Tuesday, May 22, 2007

Walking on the quiet side

Ask people why they go hill walking and one common answer is: ‘It's time to escape the busyness of our everyday lives, the crowded towns and cities’. People go for the peace and beauty of the hills and the freedom of walking along a ridge with a vast expanse of valleys, mountains, fields and the sea below. Even when the cloud and fog swirl in there’s still that sense of majestic otherness, of something completely beyond our whim and control that stands impassive and unchanging.

There are two ways to do hill walking. The first is to set a challenging route, bagging as many peaks as possible. Give yourself something to aim at and experience the satisfaction of completing each peak and the whole walk. The second way is to wait and to linger; to stop and to wonder; to dispense of agenda. So often I go to the hills to rest from doing – to go on holiday, but forget to stop. I replace one set of to do lists with another challenge to keep my thoughts occupied. I long to stop and be still, but am scared that I don’t know how.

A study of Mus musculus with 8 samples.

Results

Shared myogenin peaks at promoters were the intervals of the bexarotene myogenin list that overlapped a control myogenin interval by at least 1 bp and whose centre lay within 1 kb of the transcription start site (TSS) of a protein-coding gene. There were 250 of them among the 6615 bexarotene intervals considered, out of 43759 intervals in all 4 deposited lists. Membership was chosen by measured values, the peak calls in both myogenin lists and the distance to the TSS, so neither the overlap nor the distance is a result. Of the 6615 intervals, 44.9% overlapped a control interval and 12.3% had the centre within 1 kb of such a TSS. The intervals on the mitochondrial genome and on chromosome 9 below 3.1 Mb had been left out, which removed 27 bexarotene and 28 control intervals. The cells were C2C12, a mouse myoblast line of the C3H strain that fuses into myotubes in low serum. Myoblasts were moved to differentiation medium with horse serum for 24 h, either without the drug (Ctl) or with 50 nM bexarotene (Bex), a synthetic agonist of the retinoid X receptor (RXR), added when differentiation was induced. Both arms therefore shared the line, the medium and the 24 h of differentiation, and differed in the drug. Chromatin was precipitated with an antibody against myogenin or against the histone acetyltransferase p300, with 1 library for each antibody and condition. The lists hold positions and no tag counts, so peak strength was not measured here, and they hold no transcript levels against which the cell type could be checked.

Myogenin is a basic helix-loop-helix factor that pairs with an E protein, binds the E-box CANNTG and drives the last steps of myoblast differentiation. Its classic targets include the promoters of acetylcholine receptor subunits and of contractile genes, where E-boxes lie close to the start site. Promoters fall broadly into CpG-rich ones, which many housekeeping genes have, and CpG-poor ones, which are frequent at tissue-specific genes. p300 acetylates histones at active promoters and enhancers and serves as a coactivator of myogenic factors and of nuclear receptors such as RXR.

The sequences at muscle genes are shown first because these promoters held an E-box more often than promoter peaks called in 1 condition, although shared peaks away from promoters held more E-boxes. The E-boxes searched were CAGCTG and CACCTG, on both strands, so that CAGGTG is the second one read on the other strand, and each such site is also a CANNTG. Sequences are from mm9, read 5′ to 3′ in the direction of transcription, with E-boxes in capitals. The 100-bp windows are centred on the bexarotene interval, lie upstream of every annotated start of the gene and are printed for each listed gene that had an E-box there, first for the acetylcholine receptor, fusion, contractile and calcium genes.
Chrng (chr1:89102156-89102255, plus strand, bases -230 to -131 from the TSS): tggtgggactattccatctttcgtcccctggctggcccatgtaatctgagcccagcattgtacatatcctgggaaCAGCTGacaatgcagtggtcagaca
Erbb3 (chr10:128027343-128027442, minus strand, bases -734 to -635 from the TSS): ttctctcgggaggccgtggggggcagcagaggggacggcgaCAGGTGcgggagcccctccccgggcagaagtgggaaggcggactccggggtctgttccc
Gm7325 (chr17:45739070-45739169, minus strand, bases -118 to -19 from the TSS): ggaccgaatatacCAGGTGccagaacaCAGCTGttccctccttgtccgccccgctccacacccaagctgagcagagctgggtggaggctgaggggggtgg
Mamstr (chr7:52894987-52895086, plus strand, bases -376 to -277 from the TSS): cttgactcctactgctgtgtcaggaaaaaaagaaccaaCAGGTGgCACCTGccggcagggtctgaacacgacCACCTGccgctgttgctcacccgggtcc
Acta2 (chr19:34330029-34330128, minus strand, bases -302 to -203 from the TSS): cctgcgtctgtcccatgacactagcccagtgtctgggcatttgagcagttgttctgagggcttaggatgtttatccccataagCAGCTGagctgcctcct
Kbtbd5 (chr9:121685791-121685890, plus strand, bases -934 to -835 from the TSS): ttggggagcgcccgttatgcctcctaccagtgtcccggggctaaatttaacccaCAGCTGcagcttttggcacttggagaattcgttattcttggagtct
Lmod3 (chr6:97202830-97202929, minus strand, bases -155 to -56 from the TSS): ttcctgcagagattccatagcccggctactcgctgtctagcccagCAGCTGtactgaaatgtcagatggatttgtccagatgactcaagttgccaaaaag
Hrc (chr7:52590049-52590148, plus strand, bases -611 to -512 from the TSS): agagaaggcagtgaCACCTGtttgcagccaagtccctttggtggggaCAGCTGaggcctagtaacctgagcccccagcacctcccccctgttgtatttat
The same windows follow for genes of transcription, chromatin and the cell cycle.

Henri Nouwen, catholic priest and profound writer put it like this:

“My own restlessness, my need for companionship, my fear of rejection and abandonment made me flee solitude as soon as I had found it.

The resistance to solitude proved as strong as my desire for it.” (Our Greatest Gift, p19)

We all need to practice solitude. Only by stopping do we face ourselves and God. Even when I am alone at home the TV, radio, books, housework, computer, study all provide myriad easy excuse and worthy work which helps me avoid what I want to do. I need to “be still and know that He is God” and that He loves me without condition, whatever I think of myself and that He is “my refuge and my strength”. (David in Psalm 46) Without knowing that I am always restless, running away or avoiding myself. Surrendering to and trusting God takes me to where I need to be.

The second way of hill walking is always harder, but I want to go there more.